Back To The Same Old

Historically, AMD processors have been priced at an average discount of about 33-40%, somewhat less at the high-end, somewhat more at the low-end.

For about the last six months, AMD has attempted to upvalue their CPUs by trying to price them at or near the prices Intel charged for its processors.

It hasn’t worked, and, outside of one exception, AMD has given up on this.

If you look at today’s pricing, you’ll see that we’re back to the good (for you)/bad (for AMD) days of big discounts:

Comparative AMD/Intel Pricing

(All prices cited are Newegg prices for retail CPUs)


AMD XP2400+


Intel 2.4/533






AMD XP2500+


Intel 2.53/533






AMD XP2600+


Intel 2.66/533






AMD XP2800+


Intel 2.8/533






AMD XP3000+


Intel 3.06/533




The 3200+ doesn’t have an Intel equivalent as yet, but when Intel introduces the 3.2GHz PIV, the current AMD price will represent around a
25% discount from the expected 3.2 price.

Indeed, as XBit Labs pointed out the other day, AMD’s pricing from the 2400+ down is now equivalent to Intel Celeron pricing.

Will You Ever Pay A Lot For Their Muffler?

While these prices are by no means the worst AMD has ever had to contend with, AMD’s failure to sustain pricing even close to Intel’s raises a serious long-term question:

Will people ever pay a lot for their muffler?

I’m not talking about overclockers, they’re hopeless. 🙂

But for the rest of the market in general, it doesn’t seem like AMD can sustain prices adequate for even break-even, much less enough to finance the billions and billions of dollars necessary to keep up with Intel.

Yes, there’s always the possibility of using IBM as a foundry, but foundries have to finance those billions in fab costs, too. Using AMD as a foundry simply means AMD has to pay for IBM’s fabs rather than their own.

It’s not like AMD has to charge Intel-like prices to stay alive. If they could just average $100 a processor (Intel now gets around $150-175), they’d be in good shape.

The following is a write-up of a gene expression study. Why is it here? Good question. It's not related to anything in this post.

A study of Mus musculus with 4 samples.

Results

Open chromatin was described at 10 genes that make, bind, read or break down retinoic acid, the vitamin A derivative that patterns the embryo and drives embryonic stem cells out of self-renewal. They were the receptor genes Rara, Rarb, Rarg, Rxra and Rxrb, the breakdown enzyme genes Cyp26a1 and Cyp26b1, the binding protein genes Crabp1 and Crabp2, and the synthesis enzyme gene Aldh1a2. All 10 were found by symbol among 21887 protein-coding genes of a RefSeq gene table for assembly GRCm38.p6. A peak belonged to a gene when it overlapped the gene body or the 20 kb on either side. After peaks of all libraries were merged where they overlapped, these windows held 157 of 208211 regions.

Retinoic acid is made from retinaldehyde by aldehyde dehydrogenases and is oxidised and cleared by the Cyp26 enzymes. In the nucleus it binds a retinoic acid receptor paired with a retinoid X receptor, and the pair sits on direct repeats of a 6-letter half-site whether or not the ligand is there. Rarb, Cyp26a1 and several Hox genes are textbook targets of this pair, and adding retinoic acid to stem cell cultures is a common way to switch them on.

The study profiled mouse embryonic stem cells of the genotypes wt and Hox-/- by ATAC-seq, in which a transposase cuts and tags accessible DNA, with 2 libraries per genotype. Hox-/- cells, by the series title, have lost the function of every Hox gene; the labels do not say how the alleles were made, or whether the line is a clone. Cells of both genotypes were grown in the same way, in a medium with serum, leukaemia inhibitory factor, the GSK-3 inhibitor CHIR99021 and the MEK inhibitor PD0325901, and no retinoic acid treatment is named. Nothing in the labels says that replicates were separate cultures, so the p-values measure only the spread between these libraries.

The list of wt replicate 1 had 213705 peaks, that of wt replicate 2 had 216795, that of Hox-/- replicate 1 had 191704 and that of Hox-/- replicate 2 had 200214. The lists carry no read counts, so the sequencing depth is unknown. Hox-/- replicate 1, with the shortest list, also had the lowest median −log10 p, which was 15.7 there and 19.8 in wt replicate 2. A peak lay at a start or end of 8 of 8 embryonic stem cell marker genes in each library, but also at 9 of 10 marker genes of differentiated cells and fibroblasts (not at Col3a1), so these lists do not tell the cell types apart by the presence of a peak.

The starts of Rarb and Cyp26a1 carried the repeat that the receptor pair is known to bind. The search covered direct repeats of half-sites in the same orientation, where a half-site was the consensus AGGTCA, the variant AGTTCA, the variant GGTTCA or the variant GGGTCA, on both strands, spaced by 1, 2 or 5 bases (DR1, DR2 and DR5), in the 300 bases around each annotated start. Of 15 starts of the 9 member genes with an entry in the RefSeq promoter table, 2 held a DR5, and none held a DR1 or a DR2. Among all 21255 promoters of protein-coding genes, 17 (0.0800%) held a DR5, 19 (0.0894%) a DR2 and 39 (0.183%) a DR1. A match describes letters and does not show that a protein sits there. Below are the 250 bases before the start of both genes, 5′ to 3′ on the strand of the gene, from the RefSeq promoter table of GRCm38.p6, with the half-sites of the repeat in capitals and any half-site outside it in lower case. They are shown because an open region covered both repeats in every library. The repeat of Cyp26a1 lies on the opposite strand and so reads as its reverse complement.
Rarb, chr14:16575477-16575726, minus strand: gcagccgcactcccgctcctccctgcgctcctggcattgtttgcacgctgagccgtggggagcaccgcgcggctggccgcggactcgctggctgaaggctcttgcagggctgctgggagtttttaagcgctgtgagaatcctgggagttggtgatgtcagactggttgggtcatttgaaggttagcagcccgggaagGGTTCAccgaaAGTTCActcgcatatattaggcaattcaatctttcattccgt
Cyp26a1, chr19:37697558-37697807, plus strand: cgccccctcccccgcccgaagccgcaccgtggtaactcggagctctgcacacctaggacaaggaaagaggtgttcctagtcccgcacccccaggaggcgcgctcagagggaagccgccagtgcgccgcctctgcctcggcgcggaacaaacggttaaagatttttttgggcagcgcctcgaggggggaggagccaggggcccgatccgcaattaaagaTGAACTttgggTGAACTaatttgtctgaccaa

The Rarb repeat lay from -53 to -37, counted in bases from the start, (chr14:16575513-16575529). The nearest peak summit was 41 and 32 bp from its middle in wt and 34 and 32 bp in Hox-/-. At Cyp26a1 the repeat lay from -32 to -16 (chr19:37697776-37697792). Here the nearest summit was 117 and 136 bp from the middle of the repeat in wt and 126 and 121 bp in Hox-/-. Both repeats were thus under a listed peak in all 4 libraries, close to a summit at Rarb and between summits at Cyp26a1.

But they can’t get $100 a processor even when they’re doing well. The last couple years, it’s been more like $60-$75, pretty much no matter what they did, or how well their offerings compared to Intel.

Opterons are not the answer. They’ll help, of course, but if AMD averaged 100,000 Opterons at $500 a pop per quarter from now through 2004 (a figure they’d be delirious about), that would only increase their average selling price about $10.

Clawhammers? Well, ask yourselves, AMDers. Are you ready to change your habits and stop saying, “I’m not going to pay a lot for this CPU?” Every indication I’ve seen say “No,” if anything, the opposite.

If I had to predict what is going to happen over the next year or so, I’d say that on the whole, AMDers are going to let AMD keep their Hammers until they’re about as dirt-cheap as the Athlons have become.

If that’s what happens, I don’t think AMD can survive that. They can’t continue to exist year-in, year-out on ASPs hovering around $60-$70, but the AMDers seem happy to back AMD up to their last dollar.

From AMD’s perspective, with friends like this, they don’t need enemies.

*** P.S. If you live outside the U.S., and are baffled by this phrase, there’s a U.S. discount muffler company named Meineke that uses the catchphrase, “I’m not going to pay a lot for this muffler.”